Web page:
This AskRegs Knowledgebase Q&A was updated on February 1, 2021 to reference Dear Colleague Letter GEN-21-02, which reminds financial aid administrators of their long-standing ability to exercise professional judgment (PJ) authority to zero out income earned from work, to reduce or eliminate the amount of unemployment compensation, or to adjust any other data element used in the calculation of the expected family contribution (EFC) because the individual is receiving unemployment income.
No. GEN-09-04 and GEN-09-05 no longer apply, and the June 20, 2020 FSA Handbook changes to the 2020-21 Application and Verification Guide (AVG) appear to be the U.S. Department of Education's (ED's) way of notifying the community.
This is a change in ED guidance. Earlier this spring, verbal guidance from ED indicated that GEN-09-04 and GEN-09-05 were still in effect because they had not been officially rescinded. The guidance was even referenced when the initial version of the 2020-21 AVG was recently published (see note below). ED's guidance later changed based on the fact that these two Dear Colleague Letters are marked as "Maintained for Historical Purposes Only" on the IFAP website with a notice that states, "Documents that have a red “Note” at the top of the document that says “Historical Record” are posted for historical purposes and are no longer applicable."
All that aside, as ED reminds schools in GEN-21-02, you don't need ED's permission to zero out income earned from work, to reduce or eliminate the amount of unemployment compensation, or to adjust any other data element used in the calculation of the EFC because the individual is receiving unemployment income. For years, financial aid administrators have had this capability under Section 479A of the Higher Education Act of 1965 (HEA), as amended [1087tt(a)], when exercising PJ. The aid administrator has the lawful authority to adjust any data element that is used in EFC calculation as long as the aid administrator believes there are special circumstances that warrant the adjustment. As with any PJ decision, the aid administrator must document the reasons for making the adjustment, and all PJ decisions must be made on a case-by-case basis. This means, you have to make an individualized determination looking at the entirety of the family's circumstances before you decide to include, adjust, or eliminate any form of income using PJ.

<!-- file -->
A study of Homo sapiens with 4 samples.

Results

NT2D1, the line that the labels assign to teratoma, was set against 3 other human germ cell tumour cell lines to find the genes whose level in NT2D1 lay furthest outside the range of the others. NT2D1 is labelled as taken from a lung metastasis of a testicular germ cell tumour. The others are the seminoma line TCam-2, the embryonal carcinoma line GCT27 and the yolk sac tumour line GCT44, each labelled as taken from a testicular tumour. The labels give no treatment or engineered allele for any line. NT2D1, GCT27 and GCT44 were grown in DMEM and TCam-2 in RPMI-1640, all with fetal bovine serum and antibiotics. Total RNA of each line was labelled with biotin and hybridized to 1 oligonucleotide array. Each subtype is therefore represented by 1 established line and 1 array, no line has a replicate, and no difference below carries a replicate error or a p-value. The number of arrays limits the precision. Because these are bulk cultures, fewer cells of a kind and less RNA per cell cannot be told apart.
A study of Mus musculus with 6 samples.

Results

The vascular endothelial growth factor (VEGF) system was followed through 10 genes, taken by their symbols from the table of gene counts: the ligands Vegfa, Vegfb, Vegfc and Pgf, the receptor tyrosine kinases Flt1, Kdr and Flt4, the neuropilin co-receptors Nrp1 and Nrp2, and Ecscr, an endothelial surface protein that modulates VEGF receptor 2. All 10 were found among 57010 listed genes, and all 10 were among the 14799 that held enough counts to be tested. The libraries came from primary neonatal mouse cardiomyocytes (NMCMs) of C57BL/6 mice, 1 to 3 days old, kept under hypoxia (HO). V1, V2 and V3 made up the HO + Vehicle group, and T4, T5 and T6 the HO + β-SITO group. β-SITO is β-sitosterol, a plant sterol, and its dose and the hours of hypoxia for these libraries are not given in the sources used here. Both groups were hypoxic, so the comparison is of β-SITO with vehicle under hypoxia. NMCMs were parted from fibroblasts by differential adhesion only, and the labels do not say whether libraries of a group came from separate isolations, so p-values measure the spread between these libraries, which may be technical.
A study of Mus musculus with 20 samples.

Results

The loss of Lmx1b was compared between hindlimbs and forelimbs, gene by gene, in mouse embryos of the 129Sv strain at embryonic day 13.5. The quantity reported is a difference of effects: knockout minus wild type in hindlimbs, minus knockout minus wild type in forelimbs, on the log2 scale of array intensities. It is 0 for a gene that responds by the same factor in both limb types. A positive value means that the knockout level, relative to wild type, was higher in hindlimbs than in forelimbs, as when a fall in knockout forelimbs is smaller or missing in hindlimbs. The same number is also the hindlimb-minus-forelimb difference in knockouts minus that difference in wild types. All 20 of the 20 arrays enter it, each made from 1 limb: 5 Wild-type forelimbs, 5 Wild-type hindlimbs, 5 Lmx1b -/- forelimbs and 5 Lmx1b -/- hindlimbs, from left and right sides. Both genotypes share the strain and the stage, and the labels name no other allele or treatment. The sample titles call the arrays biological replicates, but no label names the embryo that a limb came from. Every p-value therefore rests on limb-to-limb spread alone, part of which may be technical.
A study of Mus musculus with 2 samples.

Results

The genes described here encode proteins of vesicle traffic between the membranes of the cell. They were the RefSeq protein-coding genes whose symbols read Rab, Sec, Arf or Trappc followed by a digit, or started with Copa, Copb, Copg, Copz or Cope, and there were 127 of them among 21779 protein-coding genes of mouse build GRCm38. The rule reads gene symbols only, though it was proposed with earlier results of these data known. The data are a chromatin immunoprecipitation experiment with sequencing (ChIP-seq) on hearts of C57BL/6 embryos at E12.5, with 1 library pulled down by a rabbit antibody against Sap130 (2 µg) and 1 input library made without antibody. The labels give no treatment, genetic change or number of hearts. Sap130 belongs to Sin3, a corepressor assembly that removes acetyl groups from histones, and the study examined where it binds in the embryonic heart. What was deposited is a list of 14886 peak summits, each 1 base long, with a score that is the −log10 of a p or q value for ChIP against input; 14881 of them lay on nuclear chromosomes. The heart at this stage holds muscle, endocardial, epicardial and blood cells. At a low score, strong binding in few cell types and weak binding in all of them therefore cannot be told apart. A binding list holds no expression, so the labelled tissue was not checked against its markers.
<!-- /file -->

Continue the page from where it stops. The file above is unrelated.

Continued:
For example, you can accept a letter from a state unemployment agency, or other evidence that a student is receiving unemployment benefits, to support your PJ decision to adjust the amount of unemployment benefits or income earned from work if that's what you decide is appropriate. Also, you are not limited to zeroing out income earned from work. You could also choose to eliminate the unemployment benefits from consideration, especially if you are using estimated income for a 12-month period that might not include the unemployment benefits. You also could eliminate or reduce the unemployment compensation on the basis that it is likely one-time income. You have flexibility as an aid administrator as long as you can justify and document your treatment of the income based on the family's individual circumstances.
Remember, unemployment income is not income earned from work; it is other income that is included in the calculation of adjusted gross income (AGI). If you are adjusting the amount of unemployment income during PJ, it might be more appropriate to adjust AGI instead of income earned from work.
Also remember the following:
Additional $600 in Unemployment Insurance: Unemployment benefits are generally taxable, and we’re not aware of an exception for the additional $600 in unemployment insurance (UI) benefits that came out of the COVID-19 relief legislation; so, we assume they’ll be included in the AGI like other unemployment benefits. The above considerations also apply when you decide whether to exclude the additional $600 in unemployment benefits from the EFC calculation.